Roger Ebert called the Iranian melodrama A Separation “the best film of the year.”
What’s more, it won the Golden Globe for Best Foreign Film and it’s nominated for two Oscars.
And it’s indeed remarkable — a far cry from slick, bloated, soulless Hollywood fare.
I expected an Ingmar Bergman-esque story of the dissolution of an Iranian couple, but their rift is just the beginning of a tense, involving story in which the husband (Peyman Moadi) is accused of killing the baby of a pregnant woman who is tending to his Alzheimer’s-ridden dad.
I won’t fill in any more details except to say that the movie is basically a long argument between people who are both right and wrong, who only choose to show certain of their cards, who diminish their own culpabilities, and who are awash in their own ideas of pride and honor as we learn more truths by the minute.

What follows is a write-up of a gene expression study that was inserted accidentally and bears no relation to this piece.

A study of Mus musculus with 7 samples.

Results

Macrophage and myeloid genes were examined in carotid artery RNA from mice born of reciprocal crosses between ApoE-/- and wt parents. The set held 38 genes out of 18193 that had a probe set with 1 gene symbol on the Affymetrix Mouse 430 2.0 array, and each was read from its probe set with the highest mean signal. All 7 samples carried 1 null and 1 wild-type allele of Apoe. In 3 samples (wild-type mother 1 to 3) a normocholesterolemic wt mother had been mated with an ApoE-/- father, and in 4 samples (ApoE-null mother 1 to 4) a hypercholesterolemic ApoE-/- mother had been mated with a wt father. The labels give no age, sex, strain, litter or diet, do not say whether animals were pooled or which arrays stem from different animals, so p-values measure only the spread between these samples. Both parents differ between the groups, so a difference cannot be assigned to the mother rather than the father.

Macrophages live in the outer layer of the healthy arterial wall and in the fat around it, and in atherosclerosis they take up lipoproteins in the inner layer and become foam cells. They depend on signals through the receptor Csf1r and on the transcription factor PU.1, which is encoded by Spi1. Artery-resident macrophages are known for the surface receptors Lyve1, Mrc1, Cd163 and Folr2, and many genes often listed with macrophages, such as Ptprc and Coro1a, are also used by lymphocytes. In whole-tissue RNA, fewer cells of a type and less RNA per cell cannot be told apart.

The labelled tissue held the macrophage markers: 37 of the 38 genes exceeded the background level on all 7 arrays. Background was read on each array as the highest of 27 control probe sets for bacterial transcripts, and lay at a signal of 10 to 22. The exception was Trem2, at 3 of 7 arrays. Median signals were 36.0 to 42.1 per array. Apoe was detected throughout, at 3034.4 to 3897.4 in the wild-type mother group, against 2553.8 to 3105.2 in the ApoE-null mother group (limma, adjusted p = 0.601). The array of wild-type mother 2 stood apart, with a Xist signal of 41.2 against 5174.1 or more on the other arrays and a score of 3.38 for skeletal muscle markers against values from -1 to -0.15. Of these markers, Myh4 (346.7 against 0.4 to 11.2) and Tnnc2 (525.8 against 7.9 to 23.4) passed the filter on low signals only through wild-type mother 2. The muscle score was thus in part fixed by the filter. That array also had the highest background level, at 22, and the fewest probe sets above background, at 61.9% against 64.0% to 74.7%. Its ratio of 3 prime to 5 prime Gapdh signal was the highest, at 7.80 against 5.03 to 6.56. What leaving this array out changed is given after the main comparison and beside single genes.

Your allegiances shift as you discover new facets of what happened and flourescent light is shed on everyone’s rantings and ravings, with lines drawn thanks to differences in wealth, education, religion, and privilege.
And it’s all poured out in front of a judge who sits there as if he were a small-claims court mediator, except instead of determining who will pay a small claim, he’s weighing in on a lengthy jail sentence!
Filmmaker Asghar Farhadi has made a work that grabs you from the beginning and wipes you out by the end.
Best movie of the year? I don’t know, but it’s definitely your best bet for a solid 123 minutes that you’ll be talking about for days.